What To Do When Things Go Wrong

Mar 21, 2024

You did everything right in purchasing your used car from a dealer. Despite this, before long, you start experiencing problems. First, it’s a check engine light, then next, it’s overheating, leaking fluids, or you hear a knocking noise from the engine. Your next steps at this point are critical if you want the dealer to make things right. 

1) Hit the brakes! Do NOT call the dealer yet

Your instinct may be to notify the dealer immediately, assuming they will make it right. But at this point, it’s not your best option. If your car is having problems so soon after purchase, it’s very likely that the dealer knew about the problem and covered it up to make the sale. If you contact them now, it creates an opportunity for them to evade responsibility.

2) Take the vehicle to a mechanic immediately

Take your vehicle to a mechanic that you trust as soon as possible after you notice the problem. Your best option is a general independent mechanic whom you can quickly book for a comprehensive inspection. You will want a record of the problem as quickly as possible. A specialist mechanic who only focuses on one part of the car (like Les Schwab, AAMCO, etc.) isn’t advised as they may miss problems outside their specialty. A comprehensive inspection (costing about $100-$300) is advised. While this expense can be a significant hardship, this step can offer peace of mind and help if you decide to pursue a claim.  

What to do at the mechanic’s:

  • Tell the mechanic about the problem you’re experiencing.
  • Have the mechanic inspect everything else to identify any other serious issues. 
  • Did the mechanic find a major problem? Ask if the problem likely existed before your purchase. 
  • Get everything in writing, with as much detail as possible in the report. 
  • Only minor vehicle problems? It’s best to get those fixed and be on your way.

3) Contact an Attorney

Suppose your mechanic found major problems, and they confirm that these problems existed at the time of sale. In that case, it’s now time to contact an attorney. Some attorneys charge a consulting fee, but others will talk to you for free. Ask the lawyer if they charge a consultation fee and if they take cases on contingency (meaning their fees depend on winning your case). Have your purchase paperwork, inspection report, a pen, and paper ready when you call a lawyer so you can take notes of the conversation. You will want to find an attorney who can talk to you about your case quickly. If you can’t find an attorney who can speak to you within a couple of days, it’s time to contact the dealer. Filing a case in small claims court can be tempting, but know that the odds are often stacked against the consumer in these cases.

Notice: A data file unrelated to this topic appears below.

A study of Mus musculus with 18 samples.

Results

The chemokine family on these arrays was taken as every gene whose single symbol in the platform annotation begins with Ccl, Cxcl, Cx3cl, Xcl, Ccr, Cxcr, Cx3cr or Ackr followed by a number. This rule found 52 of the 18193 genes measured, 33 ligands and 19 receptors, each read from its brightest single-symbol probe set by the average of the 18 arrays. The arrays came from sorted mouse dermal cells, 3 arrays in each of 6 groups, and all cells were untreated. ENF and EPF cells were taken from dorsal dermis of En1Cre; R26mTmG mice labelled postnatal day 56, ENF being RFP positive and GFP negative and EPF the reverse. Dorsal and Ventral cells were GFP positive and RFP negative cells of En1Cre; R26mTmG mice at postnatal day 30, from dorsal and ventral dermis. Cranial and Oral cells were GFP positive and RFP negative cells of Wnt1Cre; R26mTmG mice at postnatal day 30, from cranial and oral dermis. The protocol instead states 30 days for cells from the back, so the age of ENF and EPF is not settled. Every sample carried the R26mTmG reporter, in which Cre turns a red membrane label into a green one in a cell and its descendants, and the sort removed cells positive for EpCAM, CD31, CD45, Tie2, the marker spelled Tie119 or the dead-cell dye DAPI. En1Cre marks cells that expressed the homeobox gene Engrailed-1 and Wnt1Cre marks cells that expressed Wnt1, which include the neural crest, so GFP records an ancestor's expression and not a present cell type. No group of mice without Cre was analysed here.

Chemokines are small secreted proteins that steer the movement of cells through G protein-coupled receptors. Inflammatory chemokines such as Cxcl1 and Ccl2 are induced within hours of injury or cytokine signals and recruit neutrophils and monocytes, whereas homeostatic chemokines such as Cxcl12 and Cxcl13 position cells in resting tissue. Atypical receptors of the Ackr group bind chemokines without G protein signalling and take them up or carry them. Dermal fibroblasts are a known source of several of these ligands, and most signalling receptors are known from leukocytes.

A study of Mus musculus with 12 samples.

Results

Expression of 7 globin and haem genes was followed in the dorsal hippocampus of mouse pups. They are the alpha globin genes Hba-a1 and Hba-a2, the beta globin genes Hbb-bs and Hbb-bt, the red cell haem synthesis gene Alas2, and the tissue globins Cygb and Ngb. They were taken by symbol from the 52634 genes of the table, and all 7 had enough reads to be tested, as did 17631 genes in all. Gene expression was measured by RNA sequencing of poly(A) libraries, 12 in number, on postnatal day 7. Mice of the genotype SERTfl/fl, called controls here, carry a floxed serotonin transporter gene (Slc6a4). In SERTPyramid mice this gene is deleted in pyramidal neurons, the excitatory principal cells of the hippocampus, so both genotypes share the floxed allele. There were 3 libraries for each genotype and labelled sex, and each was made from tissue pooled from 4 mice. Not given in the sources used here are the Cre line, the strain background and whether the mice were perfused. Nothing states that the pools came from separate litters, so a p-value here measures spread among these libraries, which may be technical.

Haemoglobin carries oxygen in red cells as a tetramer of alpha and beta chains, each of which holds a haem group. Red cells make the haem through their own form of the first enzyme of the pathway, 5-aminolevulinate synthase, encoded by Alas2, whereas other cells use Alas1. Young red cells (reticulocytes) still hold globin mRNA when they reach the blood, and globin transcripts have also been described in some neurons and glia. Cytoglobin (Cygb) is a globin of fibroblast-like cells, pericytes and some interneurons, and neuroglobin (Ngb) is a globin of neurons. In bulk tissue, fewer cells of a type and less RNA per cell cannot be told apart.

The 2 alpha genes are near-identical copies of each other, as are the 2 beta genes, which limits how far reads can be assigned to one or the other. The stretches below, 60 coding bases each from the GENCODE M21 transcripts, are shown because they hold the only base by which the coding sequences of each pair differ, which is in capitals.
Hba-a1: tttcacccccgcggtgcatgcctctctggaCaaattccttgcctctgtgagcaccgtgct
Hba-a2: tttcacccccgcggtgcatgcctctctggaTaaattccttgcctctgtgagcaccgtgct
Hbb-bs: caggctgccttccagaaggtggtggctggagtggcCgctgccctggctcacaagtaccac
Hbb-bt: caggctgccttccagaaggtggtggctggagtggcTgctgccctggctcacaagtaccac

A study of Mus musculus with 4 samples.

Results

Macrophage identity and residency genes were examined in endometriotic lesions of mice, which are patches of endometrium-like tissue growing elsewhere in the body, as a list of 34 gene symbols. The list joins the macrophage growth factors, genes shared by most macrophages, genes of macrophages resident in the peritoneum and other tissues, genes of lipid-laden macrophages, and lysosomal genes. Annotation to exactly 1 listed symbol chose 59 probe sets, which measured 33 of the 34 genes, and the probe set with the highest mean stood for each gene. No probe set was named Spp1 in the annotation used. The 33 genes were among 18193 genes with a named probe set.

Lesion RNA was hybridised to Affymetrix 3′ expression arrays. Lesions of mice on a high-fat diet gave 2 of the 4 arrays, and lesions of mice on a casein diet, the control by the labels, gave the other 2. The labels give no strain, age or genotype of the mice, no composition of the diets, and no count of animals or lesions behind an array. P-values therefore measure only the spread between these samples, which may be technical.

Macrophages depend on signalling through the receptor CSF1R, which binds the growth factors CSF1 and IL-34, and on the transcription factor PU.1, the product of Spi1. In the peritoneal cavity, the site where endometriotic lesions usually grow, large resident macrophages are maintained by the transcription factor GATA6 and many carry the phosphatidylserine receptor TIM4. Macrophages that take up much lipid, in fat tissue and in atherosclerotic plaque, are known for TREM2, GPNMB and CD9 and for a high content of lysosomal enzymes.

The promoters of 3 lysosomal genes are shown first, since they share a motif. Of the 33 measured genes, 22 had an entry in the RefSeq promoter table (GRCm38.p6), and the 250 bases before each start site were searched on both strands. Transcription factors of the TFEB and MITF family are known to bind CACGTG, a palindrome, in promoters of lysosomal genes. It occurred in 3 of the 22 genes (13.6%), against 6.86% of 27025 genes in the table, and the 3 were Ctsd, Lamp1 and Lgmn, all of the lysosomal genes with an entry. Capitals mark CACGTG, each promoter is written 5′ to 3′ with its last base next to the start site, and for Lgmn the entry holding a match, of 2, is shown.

4) Contact the Dealer

    It’s a good idea to record your conversation when contacting the dealer, such as through text messages or email. If you need to contact the dealer by phone, record the phone conversation. If you are in Oregon and calling a dealer also in Oregon, you do not need to tell the dealer that you are recording the phone call. Test your recording system before calling the dealer. 

    Do the following when you contact the dealer:

    • Say what the mechanic found 
    • Share when you found out about the problem 
    • Tell the dealer what you want them to do (either buy back the vehicle or pay for the repairs) 

    The dealer will want you to bring it back to the lot without committing to doing anything. Bringing the vehicle back to the dealer under those conditions is not advisable. You want the dealer to commit to a favorable remedy before agreeing to bring the vehicle back. How the dealer will react is uncertain; an attorney can help you negotiate with the dealer. 

    *While contacting the Better Business Bureau (BBB) or writing a bad review on social media about the dealer might feel like a good option, it can also work against your interests. Dealers can use what you say in a review to claim you have defamed them.